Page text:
Is “The Sound of Music” cringeworthy?

For my birthday, I watched “The Sound of Music” with my family. CJ had never seen nuns before. They made a big impression.

cassie the nun

For my part, I wasn’t sure what to expect. A lot of movies made fifty years ago haven’t aged well. But “The Sound of Music” stands the test of time. It has a lot more layers than I realized when I watched it at CJ’s age.

Take the first gazebo scene, between Rolf and Liesl. Rolf sings to Liesl that, at sixteen, she is “such a baby” that she is “utterly unprepared” for all the attention she is soon to get from other men. But since Rolf, at seventeen, is “older and wiser” (and male) he will “take care of her” (and himself) by protecting her from other suitors. Liesl laps it up and excitedly accepts Rolf’s kiss, her first, at the end of the scene.

It’s all a little shocking if you grew up thinking “Sixteen Going on Seventeen” was a pretty song about young love. But it never was. It seemed that way when I was eight, but that’s just one of the layers. Oscar Hammerstein[1] wrote a pretty song about young love that simultaneously reveals one of the lovers as sexist, condescending, insecure, manipulative, and self-dealing.

Am I fooling myself? It can be hard to tell whether writers are just portraying sexism or are actually sexists themselves. But in this case it’s clear which side of the line Oscar Hammerstein was on. “The Sound of Music” is not a sexist play. It has one of the strongest female leads between Joan of Arc and Buffy the Vampire Slayer. And Rolf is no role model. This is the is the boy who later joins the Nazi party, which makes him feel “important,” and betrays the von Trapp family, including the girl he had promised to “protect.” Hammerstein shows Rolf’s insecurity and prejudice at the start of the movie, and it proves to be his undoing by the end.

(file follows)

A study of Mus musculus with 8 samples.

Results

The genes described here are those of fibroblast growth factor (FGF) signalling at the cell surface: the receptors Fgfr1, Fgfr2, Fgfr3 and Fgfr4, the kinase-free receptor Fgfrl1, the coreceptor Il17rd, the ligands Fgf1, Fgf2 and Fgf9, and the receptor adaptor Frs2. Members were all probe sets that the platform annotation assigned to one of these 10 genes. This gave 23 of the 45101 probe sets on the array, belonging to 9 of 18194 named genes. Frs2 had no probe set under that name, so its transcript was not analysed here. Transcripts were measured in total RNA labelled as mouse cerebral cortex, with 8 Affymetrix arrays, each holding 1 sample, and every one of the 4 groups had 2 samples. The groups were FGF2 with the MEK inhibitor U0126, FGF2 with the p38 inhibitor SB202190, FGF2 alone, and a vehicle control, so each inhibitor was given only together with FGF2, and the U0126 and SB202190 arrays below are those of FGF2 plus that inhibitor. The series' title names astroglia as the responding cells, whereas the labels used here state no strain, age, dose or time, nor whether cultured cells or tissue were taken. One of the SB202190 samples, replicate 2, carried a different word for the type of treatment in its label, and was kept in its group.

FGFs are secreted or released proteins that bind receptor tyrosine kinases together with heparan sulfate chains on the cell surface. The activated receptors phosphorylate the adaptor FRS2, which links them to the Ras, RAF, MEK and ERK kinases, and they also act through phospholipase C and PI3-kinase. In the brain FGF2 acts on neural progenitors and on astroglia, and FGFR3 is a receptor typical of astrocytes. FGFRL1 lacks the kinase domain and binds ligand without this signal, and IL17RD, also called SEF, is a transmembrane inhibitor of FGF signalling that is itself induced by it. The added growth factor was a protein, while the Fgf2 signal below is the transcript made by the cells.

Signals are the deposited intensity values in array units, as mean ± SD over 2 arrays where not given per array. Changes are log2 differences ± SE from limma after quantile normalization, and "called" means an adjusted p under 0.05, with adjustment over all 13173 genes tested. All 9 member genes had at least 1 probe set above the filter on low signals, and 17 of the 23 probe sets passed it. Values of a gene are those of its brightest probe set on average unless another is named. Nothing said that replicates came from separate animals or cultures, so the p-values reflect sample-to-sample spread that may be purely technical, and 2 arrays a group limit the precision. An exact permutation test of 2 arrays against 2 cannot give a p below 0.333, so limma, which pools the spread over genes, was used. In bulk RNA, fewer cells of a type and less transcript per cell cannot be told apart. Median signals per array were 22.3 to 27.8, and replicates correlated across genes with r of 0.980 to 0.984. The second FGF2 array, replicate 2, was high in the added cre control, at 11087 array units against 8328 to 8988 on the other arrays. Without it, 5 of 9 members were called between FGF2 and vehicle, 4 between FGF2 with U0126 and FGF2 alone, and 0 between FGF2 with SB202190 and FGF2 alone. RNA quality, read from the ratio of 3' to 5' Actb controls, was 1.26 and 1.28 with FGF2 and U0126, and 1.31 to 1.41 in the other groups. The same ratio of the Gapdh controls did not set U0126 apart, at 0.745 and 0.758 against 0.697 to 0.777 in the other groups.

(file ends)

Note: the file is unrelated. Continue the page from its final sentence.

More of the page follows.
Yet despite Rolf’s weakness and insecurity, Liesl’s love for him persists, and the Captain still sees good in him almost until the end. “You’ll never be one of them [the Nazis],” the Captain says, even as Rolf points a gun at him. “Come with us. Escape. There’s still time.” Rolf alerts the guards anyway, but perhaps there’s good in him even if he can’t find it.

If you think Oscar Hammerstein was incapable of this kind of nuance, listen to his statement “This I Believe,” recorded for Edgar R. Murrow in the 1950s. Especially this passage:

The conflict of good and bad merges in thick entanglement. You cannot isolate virtue and beauty and success and laughter, and keep them from all contact with wickedness and ugliness and failure and weeping.





[1] I’m focusing on Hammerstein because he wrote the lyrics (though not the book of the play, which was written by Lindsay and Crouse). I’m not going to stick up for Richard Rodgers, not here. Rodgers was a great composer, but according to his biographers he was unfaithful to his wife and harassed actresses and chorus girls.